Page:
Cognitive Computing Energizes the Enterprise


“There’s been a lot of conversation about virtual agents and artificial intelligence eliminating jobs, but what we actually saw is like any other tool: It’s going to be valuable in improving [agents’] performance and their interest and satisfaction while working,” says John Forrester, Inbenta’s chief marketing officer. “Instead of dealing with repetitive, boring questions that customers might have, they’d be dealing with something that’s more in-depth and engaging.”

While customer service jobs tend to have higher turnover rates than other fields, technology can help businesses with retention, as employees are likely to be more enthusiastic and eager to learn new skills and tackle greater challenges.


Behind the scenes, cognitive automation can be useful as well. Robotic process automation (RPA) can learn routine tasks that service agents repeat throughout the day.

“Robotic process automation has been around for about 15 or 20 years, but it’s primarily been rules-based, where somebody programs the rules for the agent,” Schubmehl says. “Now we’re getting to the point where you can have AI sitting there, watching the person doing the work, and then essentially developing the script automatically that the robot should act according to.”

That’s a relatively new area, but a hot one. Technology vendors like Pegasystems, WorkFusion, NICE, Automation Anywhere, and BluePrism are all adding RPA capabilities to their tool sets. “I think we’ll see that happen more frequently in 2017 and probably 2018,” Schubmehl predicts.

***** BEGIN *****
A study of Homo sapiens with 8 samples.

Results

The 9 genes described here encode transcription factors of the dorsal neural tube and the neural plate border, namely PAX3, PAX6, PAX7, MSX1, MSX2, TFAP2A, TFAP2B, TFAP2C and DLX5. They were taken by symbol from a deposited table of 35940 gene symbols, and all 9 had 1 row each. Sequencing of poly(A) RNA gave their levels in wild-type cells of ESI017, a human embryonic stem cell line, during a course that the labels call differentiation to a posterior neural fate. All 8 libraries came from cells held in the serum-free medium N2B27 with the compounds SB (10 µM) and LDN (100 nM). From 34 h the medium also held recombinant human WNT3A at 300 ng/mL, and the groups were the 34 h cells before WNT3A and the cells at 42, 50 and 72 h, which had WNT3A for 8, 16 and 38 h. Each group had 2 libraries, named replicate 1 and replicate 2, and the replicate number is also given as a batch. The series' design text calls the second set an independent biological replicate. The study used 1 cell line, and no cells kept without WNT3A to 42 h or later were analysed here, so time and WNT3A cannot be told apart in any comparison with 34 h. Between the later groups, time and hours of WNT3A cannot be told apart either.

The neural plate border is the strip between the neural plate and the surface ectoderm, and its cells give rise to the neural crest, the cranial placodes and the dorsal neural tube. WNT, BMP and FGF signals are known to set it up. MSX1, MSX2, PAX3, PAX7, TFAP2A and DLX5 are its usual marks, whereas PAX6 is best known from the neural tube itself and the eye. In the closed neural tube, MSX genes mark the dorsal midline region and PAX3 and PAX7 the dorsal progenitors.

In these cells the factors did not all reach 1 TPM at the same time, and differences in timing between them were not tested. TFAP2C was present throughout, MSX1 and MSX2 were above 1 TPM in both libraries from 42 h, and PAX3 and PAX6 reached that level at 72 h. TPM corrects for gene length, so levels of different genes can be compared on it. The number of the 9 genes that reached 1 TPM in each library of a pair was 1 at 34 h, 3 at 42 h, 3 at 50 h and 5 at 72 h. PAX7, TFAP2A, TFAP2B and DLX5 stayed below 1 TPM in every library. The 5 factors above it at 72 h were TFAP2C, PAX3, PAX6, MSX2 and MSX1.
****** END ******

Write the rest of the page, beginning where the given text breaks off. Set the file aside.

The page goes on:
And while the call center might be the most obvious area and the one that most companies will want to look at first, sales professionals can also benefit from tools that simplify otherwise tedious processes, thus freeing them to tend to other parts of their jobs. Schubmehl points to Conversica as one vendor leveraging AI to simulate human voices and carry out conversations in place of sales reps, keeping leads warm so that when they turn hot again, they can be routed to a live salesperson.

In marketing, AI technologies can be used to learn customer preferences and identify the offers, images, and deals that are most likely to appeal to customers and to identify whether they should be sent via email or other channels and devices.


Goetz recommends getting started by testing and creating proofs of concepts. She says that companies in retail, consumer packaged goods, or manufacturing have a number of consumable applications from which to choose. A pilot can cost $50,000 to $100,000; implementation could range from $500,000 to $1 million, she says, but the proof of concept has already been given in many cases, leading to return on investment as high as 20 percent or 25 percent.

“Many organizations right now are doing piloting and testing and really working out to see the feasibility, and that entry point tends to be very low,” Goetz says.